Like other players in the NFL, Peyton Manning will need to restructure his… (Michael Conroy / Associated…)
This isn't football, it's an unseemly game of tennis.
First, the ball's in the court of the Indianapolis Colts. Then, it's in Peyton Manning's court. Colts. Peyton. Colts. Peyton. Every swing chips at their once indivisible bond and at all the memories they built.
Manning, the NFL's only four-time most valuable player, has made it plain he wants to continue his football career, and his doctor has cleared him to do so.
Grateful as they are for what he has done — and no athlete has done more for his franchise — the Colts are focused on their next chapter, the one that begins with them making Stanford quarterback Andrew Luck the first pick in April's draft.
That doesn't mean Manning's days with the Colts are done, even though most signs point to that. But it does mean Colts owner Jim Irsay is not going to pay Manning the required $28 million to keep him beyond March 8. With Manning's throwing strength still in question after multiple neck surgeries, there is no way the Colts will keep him at that price. Nor should they.
Publicly, Manning has indicated he wants to stay. Publicly, Irsay has said he wants to keep him, as long as the quarterback is healthy enough to play and will agree to some type of performance-based contract.
"We can make it work if he wants to be here," Irsay told the Indianapolis Star. "We'd be excited to have him back and finish his career with us.
"I want him to be able to make the choice. We would love to have him back here if he can get healthy and we can look at doing a contract that reflects the uncertainty of the … healing process with the regeneration of the nerve."
Publicly, it all sounds simple enough. But this will be solved in private. This decision doesn't hinge on the hearts and minds of Colts fans. It comes down to, how much of that $28 million is Irsay willing to spend?
Unless the current situation changes drastically, the Colts will either release Manning in the coming weeks, or re-sign him to an incentive-based deal with the intention of him easing the transition to the Luck era.
What we're seeing now is Manning and the Colts posturing to crank up the pressure on the other side. Neither wants to be the bad guy in this fast-dissolving relationship.
We've watched this before. Four years ago, Brett Favre's illustrious career ended in Green Bay with his tearful retirement. Less than two weeks later, his agent was putting out feelers for the future Hall of Fame member to play somewhere else, blasphemy among Packers fans.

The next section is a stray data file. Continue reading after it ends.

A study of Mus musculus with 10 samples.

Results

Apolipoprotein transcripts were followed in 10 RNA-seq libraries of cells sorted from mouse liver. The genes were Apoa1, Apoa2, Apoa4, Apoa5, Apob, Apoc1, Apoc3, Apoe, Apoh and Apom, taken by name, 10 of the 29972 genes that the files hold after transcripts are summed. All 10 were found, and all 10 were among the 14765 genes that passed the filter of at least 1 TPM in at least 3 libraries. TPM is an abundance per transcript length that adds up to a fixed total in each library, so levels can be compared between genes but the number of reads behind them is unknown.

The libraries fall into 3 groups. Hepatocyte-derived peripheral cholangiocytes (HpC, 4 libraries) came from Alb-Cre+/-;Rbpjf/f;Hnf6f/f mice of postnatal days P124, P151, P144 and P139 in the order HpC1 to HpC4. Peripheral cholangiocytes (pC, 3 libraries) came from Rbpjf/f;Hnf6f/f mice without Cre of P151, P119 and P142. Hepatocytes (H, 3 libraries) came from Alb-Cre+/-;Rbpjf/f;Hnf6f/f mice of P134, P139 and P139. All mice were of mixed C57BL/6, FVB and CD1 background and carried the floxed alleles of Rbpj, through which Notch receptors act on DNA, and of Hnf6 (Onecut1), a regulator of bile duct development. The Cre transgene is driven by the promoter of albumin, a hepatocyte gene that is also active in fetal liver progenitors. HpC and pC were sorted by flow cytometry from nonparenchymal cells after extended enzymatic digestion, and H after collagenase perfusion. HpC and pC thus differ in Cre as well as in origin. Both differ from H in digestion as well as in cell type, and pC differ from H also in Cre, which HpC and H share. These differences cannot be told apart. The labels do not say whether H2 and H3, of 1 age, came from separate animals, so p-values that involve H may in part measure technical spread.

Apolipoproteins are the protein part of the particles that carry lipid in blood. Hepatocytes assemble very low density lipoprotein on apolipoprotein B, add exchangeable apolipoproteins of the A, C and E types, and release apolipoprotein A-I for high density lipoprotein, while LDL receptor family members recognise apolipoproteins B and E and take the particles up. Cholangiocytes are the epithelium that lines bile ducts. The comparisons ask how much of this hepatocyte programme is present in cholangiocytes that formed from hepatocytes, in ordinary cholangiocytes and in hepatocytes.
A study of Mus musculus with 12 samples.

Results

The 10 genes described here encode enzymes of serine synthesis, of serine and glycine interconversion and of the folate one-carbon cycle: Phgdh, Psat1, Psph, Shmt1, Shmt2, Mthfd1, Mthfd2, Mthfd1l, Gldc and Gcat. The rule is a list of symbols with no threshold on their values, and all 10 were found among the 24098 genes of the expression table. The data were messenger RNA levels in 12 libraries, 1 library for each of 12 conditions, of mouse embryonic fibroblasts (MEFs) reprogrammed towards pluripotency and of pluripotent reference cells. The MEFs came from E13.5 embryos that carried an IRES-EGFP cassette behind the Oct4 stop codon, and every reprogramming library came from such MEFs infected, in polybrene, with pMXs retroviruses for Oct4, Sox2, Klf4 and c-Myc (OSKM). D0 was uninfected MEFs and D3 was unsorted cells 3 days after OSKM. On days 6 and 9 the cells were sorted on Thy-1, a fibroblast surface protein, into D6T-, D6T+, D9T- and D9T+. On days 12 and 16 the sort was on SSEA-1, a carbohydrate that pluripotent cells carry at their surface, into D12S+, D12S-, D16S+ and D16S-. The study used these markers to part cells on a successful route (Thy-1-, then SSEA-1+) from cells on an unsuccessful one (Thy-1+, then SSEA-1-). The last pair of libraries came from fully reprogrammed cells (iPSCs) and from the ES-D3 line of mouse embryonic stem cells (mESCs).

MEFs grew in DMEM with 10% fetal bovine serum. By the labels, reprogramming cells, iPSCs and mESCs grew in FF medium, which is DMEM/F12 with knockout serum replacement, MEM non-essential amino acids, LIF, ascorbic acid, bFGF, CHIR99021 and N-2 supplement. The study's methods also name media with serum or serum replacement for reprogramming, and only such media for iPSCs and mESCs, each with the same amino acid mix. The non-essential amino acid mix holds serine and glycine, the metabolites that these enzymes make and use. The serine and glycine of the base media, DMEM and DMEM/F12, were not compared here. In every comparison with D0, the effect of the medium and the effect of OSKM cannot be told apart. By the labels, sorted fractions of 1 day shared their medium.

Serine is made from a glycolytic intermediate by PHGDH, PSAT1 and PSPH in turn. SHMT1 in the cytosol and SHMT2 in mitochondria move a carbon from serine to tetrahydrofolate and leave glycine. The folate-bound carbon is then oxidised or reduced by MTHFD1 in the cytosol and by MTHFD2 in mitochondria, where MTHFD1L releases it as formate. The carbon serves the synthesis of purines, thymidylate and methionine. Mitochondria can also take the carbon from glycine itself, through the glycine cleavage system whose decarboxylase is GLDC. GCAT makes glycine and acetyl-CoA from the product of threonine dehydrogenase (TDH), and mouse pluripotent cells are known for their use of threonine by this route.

That situation got ugly — just as this one has the potential to be — and Favre's career was extended by three years (two of them bad) with the New York Jets and Minnesota Vikings.
No one who has appreciated the excellence of Manning would want to see his career end the same way. Even if he stays healthy — and his doctor has indicated Manning's neck issues have put him at no greater risk of injury — it's unlikely he'll be able to roll into a new situation and rekindle the success he had in Indianapolis.
It would be bizarre and wrong to see him playing elsewhere, considering he did more than transform the Colts into a perennial winner and Super Bowl champion. Manning is a big reason Indianapolis still has an NFL team, participated in funding a state-of-the-art stadium, and played host to Super Bowl XLVI.
No one wants to see Manning go out like Favre.
So what should Irsay do? He needs to make a smart decision taking the long view, of course, one that won't put his team in salary-cap prison for the next five years. Assuming Manning is cleared by Colts doctors, Irsay should look at every feasible option to keep him and draft Luck, following the blueprint the Packers used with Favre and Aaron Rodgers.
If the Colts can't make that work, they need to cut ties and move forward with Luck. The pain of transition is inevitable. Meanwhile, this game of public-relations tennis benefits no one.